ITU Plenipotentiary Conference (PP-22) in Bucharest, Romania

Member States strengthen ITU budget by CHF 3.9 million

The International Telecommunication Union (ITU) has emerged from its latest Plenipotentiary conference with a budget boost worth CHF 3.9 million per year, or nearly USD 3.9 million per year at current exchange rates.

New pledges from contributing countries both large and small will strengthen ITU’s budget, help maintain key radiocommunication, telecom standardization and digital development activities, and ensure the organization can meet the goals outlined in its latest four-year strategic plan.

During the recent ITU Plenipotentiary Conference (PP-22) in Bucharest, Romania, four countries announced they would raise their annual budget contributions to the UN specialized agency for next year and beyond.

Delegates from the United States, Brazil, Guinea, and Papua New Guinea each announced increases during national policy statements in the first week of the conference.

Financial commitments are denominated in Swiss francs (CHF) and expressed in annual contributory units. These units, each worth CHF 318,000 serve as the basic fee payable each year for a Member State to maintain voting rights and participate fully in ITU conferences.

Developing countries may pay half-unit contributions, with lower amounts for the least developed countries, landlocked developing countries, and small island developing states.

United States: Top contributor, up by nearly 17 per cent

US delegate Don Graves pointed out several key goals for the international community, namely: “to achieve universal affordable connectivity; to close digital divides, including the gender digital divide; to equip people with digital skills; [and] to promote a secure and resilient digital environment.”

With these aims in mind, the United States will increase its contribution by CHF 1.59 million per year – or from 30 units to 35 units – starting with next year’s budget, Graves announced in the US policy statement.

This makes the US the largest single contributor to ITU for the coming period.

Brazil: More than tripling

South America’s largest country pledged to increase its support from three units to eleven, or from CHF 954,000 to CHF 3.5 million each year. The added funds are meant to strengthen the agency and its projects, help overcome challenges, and “reinforce Brazil’s commitment to ITU,” national delegate Carlos Manuel Baigorri said in Brazil’s policy statement.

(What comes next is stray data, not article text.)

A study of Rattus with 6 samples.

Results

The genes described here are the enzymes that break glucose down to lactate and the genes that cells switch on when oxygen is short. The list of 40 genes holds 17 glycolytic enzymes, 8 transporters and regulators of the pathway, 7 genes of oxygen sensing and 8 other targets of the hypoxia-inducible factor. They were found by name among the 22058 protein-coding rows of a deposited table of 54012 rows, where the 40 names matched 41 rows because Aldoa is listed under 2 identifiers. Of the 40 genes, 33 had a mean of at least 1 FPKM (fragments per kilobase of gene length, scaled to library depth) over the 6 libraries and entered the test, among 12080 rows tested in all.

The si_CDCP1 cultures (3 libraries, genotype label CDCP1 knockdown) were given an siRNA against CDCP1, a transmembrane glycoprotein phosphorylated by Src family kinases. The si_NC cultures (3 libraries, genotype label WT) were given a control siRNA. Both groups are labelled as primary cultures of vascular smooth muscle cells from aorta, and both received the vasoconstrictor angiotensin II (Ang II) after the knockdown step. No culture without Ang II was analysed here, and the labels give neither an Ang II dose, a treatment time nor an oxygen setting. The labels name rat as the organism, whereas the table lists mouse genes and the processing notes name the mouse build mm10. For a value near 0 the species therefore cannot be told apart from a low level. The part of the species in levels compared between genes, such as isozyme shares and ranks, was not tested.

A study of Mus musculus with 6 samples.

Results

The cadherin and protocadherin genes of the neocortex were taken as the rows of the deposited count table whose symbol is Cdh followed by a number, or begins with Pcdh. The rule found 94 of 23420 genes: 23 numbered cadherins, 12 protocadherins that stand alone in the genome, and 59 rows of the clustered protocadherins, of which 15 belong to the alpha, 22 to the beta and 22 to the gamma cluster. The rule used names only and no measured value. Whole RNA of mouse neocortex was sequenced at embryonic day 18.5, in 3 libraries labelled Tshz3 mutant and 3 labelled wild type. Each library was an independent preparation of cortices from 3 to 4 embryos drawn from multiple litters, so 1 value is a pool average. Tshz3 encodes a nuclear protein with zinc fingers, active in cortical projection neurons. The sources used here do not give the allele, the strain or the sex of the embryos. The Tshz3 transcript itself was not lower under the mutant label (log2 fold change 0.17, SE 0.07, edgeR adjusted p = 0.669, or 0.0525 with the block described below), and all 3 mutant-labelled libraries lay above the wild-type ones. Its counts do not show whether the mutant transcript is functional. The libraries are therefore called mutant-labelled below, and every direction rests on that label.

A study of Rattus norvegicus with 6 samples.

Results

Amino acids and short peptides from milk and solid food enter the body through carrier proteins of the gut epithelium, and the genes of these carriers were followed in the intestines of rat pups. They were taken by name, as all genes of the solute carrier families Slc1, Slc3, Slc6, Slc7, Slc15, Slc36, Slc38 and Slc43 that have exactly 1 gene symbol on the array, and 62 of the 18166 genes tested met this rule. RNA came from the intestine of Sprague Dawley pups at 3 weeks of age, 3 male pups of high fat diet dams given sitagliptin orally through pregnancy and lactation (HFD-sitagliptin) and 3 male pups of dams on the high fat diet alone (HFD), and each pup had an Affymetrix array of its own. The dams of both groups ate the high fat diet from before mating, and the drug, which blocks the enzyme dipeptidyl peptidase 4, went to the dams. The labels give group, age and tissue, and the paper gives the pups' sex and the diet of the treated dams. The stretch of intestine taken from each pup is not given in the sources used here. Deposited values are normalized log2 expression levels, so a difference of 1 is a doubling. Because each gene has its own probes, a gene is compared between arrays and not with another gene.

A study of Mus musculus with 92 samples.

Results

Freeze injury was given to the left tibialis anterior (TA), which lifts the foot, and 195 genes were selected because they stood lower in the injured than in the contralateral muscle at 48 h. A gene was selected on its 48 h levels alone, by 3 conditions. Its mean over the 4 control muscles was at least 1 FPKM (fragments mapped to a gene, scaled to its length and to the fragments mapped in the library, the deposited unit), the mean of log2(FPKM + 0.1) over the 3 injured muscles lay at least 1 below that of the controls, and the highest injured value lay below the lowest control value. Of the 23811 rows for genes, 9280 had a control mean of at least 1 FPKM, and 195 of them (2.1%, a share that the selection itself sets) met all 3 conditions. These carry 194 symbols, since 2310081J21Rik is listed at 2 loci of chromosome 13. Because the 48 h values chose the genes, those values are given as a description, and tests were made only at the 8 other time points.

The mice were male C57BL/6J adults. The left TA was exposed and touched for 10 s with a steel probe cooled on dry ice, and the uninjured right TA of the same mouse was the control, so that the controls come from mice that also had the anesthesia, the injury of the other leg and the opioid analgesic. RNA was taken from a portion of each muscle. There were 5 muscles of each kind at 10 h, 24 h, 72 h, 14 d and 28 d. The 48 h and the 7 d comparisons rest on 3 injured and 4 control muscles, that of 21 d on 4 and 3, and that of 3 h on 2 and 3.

The increase places the country among ITU’s top contributors, alongside 14 others committed to providing 10 or more contributory units.

The pledge increase reflects confidence “that advances could be achieved in critical contemporary topics as cyber security, artificial intelligence, and outer space sustainability,” Baigorri said.

Guinea: Eight-fold increase

The West African country represented by delegate Ousmane Gaoual Diallo pledged to support the ITU budget with one full contributory unit – a substantial commitment for one of the world’s 46 least developed countries.

In fact, the CHF 318,000 unit was eight times more than the country’s commitment up to now, he noted in Guinea’s policy statement.

Beyond giving more funds, the country aims to “actively participate in ITU’s Partner2Connect initiative and in the construction of the world information society,” Diallo said.

Papua New Guinea: Doubling commitment

Increasing regional responsibilities motivated Papua New Guinea to double its promised ITU budget contribution from a quarter to half a unit yearly, said delegate Timothy Masiu, calling his country “an emerging nation in the Pacific region.”

ITU needs to rethink its approach to global cooperation over the next four years, as individual countries need to tackle digital transformation differently, he added.

In delivering Papua New Guinea’s policy statement, Masiu proposed upping ITU’s direct Pacific presence with the “establishment of a sub-regional office in the Pacific.”

ITU’s lifeblood

Most of ITU’s 193 Member States pledged to maintain their voluntary annual budget contributions, which should continue to account for about two-thirds of the funding for the United Nations specialized agency for information and communication technologies.

Five countries indicated fractional reductions amounting to 2 1/16 units, worth CHF 655,875.

Assuming current pledges materialize, ITU’s budget will increase by 3.6 per cent next year.

Effective mobilization of funds keeps the ITU budget healthy and helps support less developed countries in their quest to join the global digital community.

The quadrennial Plenipotentiary – where ITU strategic and financial plans are adopted and top ITU officials are elected – also serves as the main occasion for member states to reaffirm or adjust their annual contributions.

See the full set of policy statements and plenary speeches delivered at PP-22.

Learn more about how ITU is funded.

One Swiss franc (CHF 1.00) was worth just under one US dollar (USD 0.997) according to the UN Operational Rates of Exchange in October 2022.